Yes, starting with night zero, as I had to be at the telescope already 24 hours earlier than planned, because the previous observer had to switch between instruments (which was not foreseen), so I was asked to join and help her. (I think I could be a really good support astronomer :D) The weather was really bad, we had to close after two hours, as the clouds came higher, and the Mercator building submerged in the layer of 100% humidity. But as that day we were with a car, I managed to transport all the clothes and other things up to the Observatory, which I need up here while I am observing. This is very useful, because this way, I can just ride up with my bike in cycling clothes (carrying only a small backpack for the daily – I mean nightly – food portion), then change to normal clothes on the top of the mountain, turn on the heaters, and start working in a quite cosy environment. (I have to admit it is a bit lonely sometimes, but the sunset and the sunrise, and the night sky definitely worth it.)
My first real night was also crappy, a constant fight with the cloud layer (seen just a bit below the Telescope on the picture above), but at least I got some hours in the second part, when I could work with the telescope. Then I rode down in clouds on the morning. I have no time for anything else than breakfast, sleeping, and dinner down at the Residencia, as I usually sleep from 9 AM to 5 PM. The start of the third night was the worst, I rode up in heavy rain and quite strong wind, but I had to go, because I knew that it would clear up later. But the picture below gives you an impression about the weather at sunset… (FYI, the Sun should be in the middle of the photograph.)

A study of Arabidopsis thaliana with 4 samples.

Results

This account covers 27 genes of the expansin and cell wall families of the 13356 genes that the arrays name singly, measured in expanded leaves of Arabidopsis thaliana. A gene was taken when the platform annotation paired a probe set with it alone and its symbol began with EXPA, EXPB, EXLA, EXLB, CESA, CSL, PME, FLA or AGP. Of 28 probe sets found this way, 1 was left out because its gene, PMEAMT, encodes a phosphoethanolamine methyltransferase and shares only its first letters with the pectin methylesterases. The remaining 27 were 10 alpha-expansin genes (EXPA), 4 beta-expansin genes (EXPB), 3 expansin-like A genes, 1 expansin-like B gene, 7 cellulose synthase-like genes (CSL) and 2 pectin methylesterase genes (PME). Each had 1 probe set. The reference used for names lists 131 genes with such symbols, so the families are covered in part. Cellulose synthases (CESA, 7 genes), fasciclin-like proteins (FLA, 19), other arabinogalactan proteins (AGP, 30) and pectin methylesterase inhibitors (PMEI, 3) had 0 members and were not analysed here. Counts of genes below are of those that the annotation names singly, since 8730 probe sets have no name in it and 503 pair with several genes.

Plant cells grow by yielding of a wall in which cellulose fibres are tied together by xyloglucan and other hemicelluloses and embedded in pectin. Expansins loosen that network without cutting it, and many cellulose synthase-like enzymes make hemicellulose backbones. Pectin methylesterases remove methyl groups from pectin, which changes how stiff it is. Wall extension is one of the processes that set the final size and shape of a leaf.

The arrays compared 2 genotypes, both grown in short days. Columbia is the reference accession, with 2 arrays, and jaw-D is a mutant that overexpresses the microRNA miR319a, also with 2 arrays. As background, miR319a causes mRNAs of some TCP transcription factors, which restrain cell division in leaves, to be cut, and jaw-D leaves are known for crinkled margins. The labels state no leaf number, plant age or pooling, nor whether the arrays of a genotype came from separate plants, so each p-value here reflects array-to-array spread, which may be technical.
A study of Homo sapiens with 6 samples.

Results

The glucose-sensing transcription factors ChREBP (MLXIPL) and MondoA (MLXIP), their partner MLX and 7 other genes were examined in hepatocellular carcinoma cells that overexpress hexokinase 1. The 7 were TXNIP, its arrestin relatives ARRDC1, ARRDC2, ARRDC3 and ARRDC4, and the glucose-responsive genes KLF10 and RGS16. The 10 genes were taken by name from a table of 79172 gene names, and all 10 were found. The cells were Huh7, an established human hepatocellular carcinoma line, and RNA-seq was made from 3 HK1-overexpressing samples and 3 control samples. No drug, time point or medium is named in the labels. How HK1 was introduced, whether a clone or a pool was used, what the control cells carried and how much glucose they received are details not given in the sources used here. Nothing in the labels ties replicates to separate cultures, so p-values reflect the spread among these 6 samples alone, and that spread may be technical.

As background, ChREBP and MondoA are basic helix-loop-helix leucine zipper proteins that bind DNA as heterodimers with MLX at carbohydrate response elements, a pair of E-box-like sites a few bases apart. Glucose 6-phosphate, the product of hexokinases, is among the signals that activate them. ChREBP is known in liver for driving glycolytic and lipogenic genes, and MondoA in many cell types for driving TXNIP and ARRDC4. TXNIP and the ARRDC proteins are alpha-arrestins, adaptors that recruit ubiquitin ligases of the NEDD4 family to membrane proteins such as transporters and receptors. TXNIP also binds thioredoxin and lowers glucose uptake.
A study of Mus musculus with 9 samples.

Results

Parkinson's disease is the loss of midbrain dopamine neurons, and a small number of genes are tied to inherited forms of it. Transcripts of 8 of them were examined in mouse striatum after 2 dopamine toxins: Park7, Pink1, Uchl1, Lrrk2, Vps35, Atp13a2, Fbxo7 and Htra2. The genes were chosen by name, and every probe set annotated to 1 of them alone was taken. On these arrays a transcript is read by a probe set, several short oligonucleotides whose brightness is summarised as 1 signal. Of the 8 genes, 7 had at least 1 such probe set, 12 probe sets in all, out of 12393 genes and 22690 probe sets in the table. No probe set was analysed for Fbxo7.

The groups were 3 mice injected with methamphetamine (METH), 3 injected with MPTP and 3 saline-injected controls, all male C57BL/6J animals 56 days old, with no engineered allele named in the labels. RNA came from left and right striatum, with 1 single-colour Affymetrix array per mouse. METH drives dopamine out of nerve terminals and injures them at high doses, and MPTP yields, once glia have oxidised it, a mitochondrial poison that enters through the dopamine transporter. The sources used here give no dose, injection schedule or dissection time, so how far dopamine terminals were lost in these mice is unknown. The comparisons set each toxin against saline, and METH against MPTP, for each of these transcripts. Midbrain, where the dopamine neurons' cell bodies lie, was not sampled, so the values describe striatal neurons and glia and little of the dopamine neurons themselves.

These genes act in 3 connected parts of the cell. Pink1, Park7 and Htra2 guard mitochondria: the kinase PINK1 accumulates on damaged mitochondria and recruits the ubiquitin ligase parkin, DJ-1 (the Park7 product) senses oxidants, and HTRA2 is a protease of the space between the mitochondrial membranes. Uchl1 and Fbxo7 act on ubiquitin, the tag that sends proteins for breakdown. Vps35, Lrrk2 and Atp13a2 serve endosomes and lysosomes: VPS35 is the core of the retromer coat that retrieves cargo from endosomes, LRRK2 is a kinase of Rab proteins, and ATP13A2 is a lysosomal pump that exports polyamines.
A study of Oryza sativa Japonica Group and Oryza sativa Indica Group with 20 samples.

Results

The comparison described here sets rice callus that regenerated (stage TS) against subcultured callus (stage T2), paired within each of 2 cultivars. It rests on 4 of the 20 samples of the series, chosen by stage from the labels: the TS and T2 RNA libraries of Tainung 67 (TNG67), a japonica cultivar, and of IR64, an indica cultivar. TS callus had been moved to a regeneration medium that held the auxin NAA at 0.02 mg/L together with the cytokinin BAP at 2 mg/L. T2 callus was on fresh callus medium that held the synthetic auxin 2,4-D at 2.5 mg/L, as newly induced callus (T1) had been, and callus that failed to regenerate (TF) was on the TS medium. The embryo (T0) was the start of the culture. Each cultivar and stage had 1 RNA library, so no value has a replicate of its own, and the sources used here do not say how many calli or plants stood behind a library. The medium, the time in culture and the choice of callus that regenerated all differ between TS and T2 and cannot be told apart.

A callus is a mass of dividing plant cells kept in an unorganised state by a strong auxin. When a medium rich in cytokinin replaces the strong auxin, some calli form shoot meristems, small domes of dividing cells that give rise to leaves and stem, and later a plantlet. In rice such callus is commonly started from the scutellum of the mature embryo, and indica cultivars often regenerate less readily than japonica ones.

Yep. It was bad. Luckily my cycling clothes are quite water resistant, but it took at least a half night to dry them out in front of the radiators. But at least my bike is completely clean now :) Anyway, in the second half, it cleared out again (humidity dropped from 100% to 13% in less than one hour), so I could start working, but the wind was still quite strong, so I had to keep one eye on the screens (there are 14 of those up here) all the time. Don’t you think, that observing is easy! One has to take into account all the special requests (about timing, duration, etc.) when scheduling the targets for the night, then if the weather changes, the observer might need to reschedule everything, or build a completely new plan from scratch. There are a lot of variables affecting the timeline of the night. So it is not just sitting here and supervising the computers while they work. Not at all. It requires a lot of concentration, and it is tiring. (I am not complaining, just telling facts.) For example, think of the following: the night itself is 10 hours long, plus 1-1 hour before and after for calibrations and procedures (opening and closing the dome, setting up the system, etc.), and if there is a problem, this can be even more. So strictly speaking it is minimum 12 hours of work, and then you need time to eat, take a shower, and sleep. And voilà, a day is gone.
Now (on the third official night) the weather is good, the sky is clear, the wind speed and the humidity is low, so life is much easier. (BTW this was the first evening, that I rode up in sunshine, and not thick clouds and/or rain.) But besides observing, I should work on my article too (as my co-authors comments are eagerly waiting to be implemented), which is much harder here than I thought it would be. I need to improve my multitasking abilities… So, let’s do it. (The crescent Moon and Venus hanging low on the horizon next to the dome of the William Herschel Telescope.)